Archaeology at Salem Says We're Thinking About Witches and Witch Hunts All Wrong

Particularly during October, Salem is overrun by witch enthusiasts. Joe Raedle/Getty Images

Much of Americans' conceptions about witchcraft were born in the year 1692, when, in the midst of a frontier war and refugee crisis, 20 people were executed one summer after refusing to confess to practicing witchcraft. Their trials still capture the American imagination, inspiring a flurry of complaints from powerful men that they or their friends are the targets of "witch hunts."

There isn't a whole lot archaeologists can do with the witch trials themselves. Many of the buildings associated with the events of 1692 are gone, and the remains of the victims have long been lost. But think about witchcraft not as hysteria and political crisis, but instead as a ubiquitous protective measure, and suddenly there's plenty of archaeological evidence to study in the form of charms and symbols left around people's homes.

At the time, believing in magic was completely normal. "It was not superstition," Emerson Baker, an archaeologist at Salem State University, told Newsweek. "Everyone knew witches were real." Witch trials, like the ones that flourished in Europe and occasionally popped up in America both before and after the events at Salem, were simply a way to try to adjudicate society out of the problem, and a way that many people considered unreliable. "Here's the problem, if we know witches are real and you can't convict them, what do you do?" Baker said. "You protect yourself."

That protection took the form of countermagic, evidence of which has been found at sites across New England. Baker excavates homes that were burned during the violent border skirmishes of King Philip's war about 15 years before the witch trials, eventually feeding the political and financial crisis that fostered the accusations. "It gives us this frozen moment of what their lives were like," Baker said of the sites. And within that snapshot are hints of how people tried to harness magic to heal, protect and find what has been lost.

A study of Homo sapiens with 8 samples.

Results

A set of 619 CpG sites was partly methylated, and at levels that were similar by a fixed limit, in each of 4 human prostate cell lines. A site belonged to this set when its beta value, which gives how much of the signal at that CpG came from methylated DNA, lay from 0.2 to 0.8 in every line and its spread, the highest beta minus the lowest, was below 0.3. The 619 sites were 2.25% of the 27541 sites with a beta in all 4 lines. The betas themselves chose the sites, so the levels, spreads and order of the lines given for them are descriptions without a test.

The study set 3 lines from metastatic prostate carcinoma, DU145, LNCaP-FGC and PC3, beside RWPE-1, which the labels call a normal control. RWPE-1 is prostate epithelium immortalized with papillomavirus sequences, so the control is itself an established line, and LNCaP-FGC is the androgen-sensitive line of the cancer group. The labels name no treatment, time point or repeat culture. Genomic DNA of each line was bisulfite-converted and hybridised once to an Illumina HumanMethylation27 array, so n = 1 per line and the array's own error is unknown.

That countermagic wasn't just to protect people against the key characteristic of Salem's witch hysteria: spectral evidence, when a spirit appeared to someone. At the time, witchcraft accusations encompassed a much broader range of activities—from cursing livestock to summoning lightning to destroy crops or ships.

Excavating sites like these has shown that colonists were particularly concerned with entrances to the house—doors, windows and chimneys that the devil could sneak in through. At these weak points, archaeologists find artifacts like horseshoes, stockings, and iron weapons like eel spears (meant to mimic the devil's pitchfork) and axes. Sometimes, they're accompanied by carved daisy wheel symbols of nested circles.

"The one I would really like to find is this thing called a witch's bottle," Baker said. That's the term for a little stone bottle filled with boiled urine—from a dog or from the human who seemed afflicted—metal pins and a heart-shaped piece of felt. The practice was meant to drive away evil. "I'm also thinking the smell of boiling urine in your house would drive off lots of things, including your neighbors," Baker said. A dozen or so have been found intact in England, but none so far on this side of the pond.

A grave marker for one of the 20 victims of the Salem witch trials. Darren McCollester/Newsmakers

But whether or not Baker ever succeeds in his quest for a witch's bottle, he's already made one key contribution to Salem's archaeological landscape by helping to officially determine the precise ledge that was the site of the executions—and that the soil was too thin to be hiding victims.

This summer, the site was formally commemorated by the city, which owns the ground. Nevertheless, after the public announcement, a neighbor opened the door to find a stranger with a shovel asking permission to dig. "No one goes to Valley Forge or Gettysburg with a shovel," said Baker.

Salem itself has a complicated relationship with the prevalence of its own witchy legacy, Baker said. While the town dubbed itself "Witch City" in 1892 and has capitalized on tourism ever since, it has also sought to find ways to recognize the victims and to prevent witch hunts from happening again. "Everybody's welcome in Salem," Baker said. "We learned once the hard way what it was like to rush to judgment."